Mapping and prioritizing the protection of biodiversity hotspots in the Arctic

Hans Meltofte, Dept. of Bioscience, Aarhus University

An important recommendation regarding habitat protection in the ABA reads: “To secure species representation, protection of areas with many unique species should be given high priority, so that a total Arctic network is based on the ‘complementary species richness’ method and covers as much of the entire biodiversity as possible.” This wording was chosen because the concept of biodiversity ‘hotspots’ is ambiguous. ‘Hotspots’ in the form of simple numerical species richness will often be the result of the presence of many species found commonly at more southern latitudes while extending their range into particularly ‘favorable’ sites in zones north of the ‘normal’ range.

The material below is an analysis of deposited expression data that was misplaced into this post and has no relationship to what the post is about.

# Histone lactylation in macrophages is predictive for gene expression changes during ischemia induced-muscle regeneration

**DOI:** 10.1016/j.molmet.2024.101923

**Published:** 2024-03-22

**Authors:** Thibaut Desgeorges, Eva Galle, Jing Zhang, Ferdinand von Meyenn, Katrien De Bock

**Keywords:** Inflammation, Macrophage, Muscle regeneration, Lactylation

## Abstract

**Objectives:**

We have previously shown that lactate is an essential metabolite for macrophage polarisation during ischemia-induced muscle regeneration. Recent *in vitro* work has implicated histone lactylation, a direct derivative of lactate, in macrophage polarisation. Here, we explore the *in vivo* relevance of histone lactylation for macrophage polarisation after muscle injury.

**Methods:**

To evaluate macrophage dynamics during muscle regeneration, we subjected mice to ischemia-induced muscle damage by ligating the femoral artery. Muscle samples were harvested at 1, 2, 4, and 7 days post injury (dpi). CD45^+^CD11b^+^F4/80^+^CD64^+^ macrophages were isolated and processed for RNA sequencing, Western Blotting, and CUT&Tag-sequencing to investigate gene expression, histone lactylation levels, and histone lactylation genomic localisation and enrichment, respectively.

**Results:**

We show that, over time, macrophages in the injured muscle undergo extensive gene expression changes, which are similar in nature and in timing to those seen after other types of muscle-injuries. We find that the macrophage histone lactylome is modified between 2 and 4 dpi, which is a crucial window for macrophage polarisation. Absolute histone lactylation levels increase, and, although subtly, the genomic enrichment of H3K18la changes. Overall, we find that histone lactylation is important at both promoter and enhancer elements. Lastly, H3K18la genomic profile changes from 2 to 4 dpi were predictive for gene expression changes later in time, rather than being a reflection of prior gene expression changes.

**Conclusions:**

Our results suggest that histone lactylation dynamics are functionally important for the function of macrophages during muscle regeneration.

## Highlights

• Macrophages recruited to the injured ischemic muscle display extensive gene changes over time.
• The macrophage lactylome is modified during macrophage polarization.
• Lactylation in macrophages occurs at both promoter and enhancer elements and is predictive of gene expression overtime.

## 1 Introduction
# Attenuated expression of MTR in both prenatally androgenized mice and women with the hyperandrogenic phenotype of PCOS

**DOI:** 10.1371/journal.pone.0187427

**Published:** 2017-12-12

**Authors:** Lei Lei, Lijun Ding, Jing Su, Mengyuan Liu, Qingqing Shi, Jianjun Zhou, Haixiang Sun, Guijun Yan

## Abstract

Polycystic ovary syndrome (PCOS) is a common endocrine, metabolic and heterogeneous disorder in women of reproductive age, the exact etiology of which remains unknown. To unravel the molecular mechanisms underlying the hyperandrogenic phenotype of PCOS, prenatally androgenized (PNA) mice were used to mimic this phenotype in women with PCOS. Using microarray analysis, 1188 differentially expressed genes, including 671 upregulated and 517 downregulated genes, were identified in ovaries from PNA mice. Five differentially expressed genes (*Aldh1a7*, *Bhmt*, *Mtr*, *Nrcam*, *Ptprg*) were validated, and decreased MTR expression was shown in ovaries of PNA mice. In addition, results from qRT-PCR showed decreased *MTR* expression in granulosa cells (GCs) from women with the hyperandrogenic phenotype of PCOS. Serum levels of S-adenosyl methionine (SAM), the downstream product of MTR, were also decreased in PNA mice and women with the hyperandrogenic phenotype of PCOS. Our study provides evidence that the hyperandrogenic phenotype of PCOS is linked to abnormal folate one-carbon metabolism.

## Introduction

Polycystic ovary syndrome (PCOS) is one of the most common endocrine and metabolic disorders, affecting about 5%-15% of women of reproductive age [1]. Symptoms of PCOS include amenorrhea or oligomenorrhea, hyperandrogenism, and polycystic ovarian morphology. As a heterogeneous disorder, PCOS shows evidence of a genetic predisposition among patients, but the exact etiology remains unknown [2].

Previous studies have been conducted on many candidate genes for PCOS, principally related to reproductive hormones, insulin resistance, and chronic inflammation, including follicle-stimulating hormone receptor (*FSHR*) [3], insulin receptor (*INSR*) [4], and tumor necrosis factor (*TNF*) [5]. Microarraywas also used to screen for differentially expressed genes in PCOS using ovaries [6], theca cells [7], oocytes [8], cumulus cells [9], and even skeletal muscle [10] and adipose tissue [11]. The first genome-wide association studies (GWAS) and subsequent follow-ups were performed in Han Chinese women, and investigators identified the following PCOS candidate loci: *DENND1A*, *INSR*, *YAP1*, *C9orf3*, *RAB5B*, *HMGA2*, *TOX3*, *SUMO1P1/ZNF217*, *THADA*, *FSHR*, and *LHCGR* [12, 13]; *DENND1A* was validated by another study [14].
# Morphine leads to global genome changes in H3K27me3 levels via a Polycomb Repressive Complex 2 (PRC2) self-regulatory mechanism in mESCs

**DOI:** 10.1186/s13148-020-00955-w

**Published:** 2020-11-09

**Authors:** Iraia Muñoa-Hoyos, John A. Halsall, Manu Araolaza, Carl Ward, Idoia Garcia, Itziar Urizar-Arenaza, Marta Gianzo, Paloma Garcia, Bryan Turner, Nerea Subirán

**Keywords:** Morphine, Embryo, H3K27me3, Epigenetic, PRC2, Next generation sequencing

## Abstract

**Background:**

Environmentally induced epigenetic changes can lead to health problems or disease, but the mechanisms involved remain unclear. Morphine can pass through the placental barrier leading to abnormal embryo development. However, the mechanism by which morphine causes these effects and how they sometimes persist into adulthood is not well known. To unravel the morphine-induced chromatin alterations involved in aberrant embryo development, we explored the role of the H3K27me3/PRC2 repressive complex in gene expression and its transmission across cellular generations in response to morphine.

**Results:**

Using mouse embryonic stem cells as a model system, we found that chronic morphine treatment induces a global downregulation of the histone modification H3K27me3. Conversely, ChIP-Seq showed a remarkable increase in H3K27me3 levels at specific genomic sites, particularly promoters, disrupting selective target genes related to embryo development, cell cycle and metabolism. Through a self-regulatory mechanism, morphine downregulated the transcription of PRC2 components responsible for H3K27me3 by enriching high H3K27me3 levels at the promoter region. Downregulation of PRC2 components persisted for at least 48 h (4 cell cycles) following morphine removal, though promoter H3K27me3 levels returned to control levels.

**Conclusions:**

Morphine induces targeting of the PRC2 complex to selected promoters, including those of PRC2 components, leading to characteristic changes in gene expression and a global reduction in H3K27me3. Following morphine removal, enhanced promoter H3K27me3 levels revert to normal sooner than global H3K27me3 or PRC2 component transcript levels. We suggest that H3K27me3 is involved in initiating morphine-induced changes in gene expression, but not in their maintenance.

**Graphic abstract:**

In such cases they are anything else than hotspots of Arctic biodiversity, but on the contrary may act as ‘projecting bridgeheads’ for expansion of southern species into unique Arctic habitats. Instead, the term ‘biodiversity hotspots’ should be used exclusively for sites with particularly many unique Arctic species; i.e. endemic Arctic species with high conservation priority. We know a lot about where the most productive areas are found, the biggest concentrations of mammals and birds, polynyas and so on, but it is evident from the ABA that we suffer from lack of knowledge on the whereabouts of unique Arctic species. This means that mapping of such species followed up by conservation planning and prioritizing based on the ‘complementary species richness’ method should be given high priority in Arctic biodiversity conservation.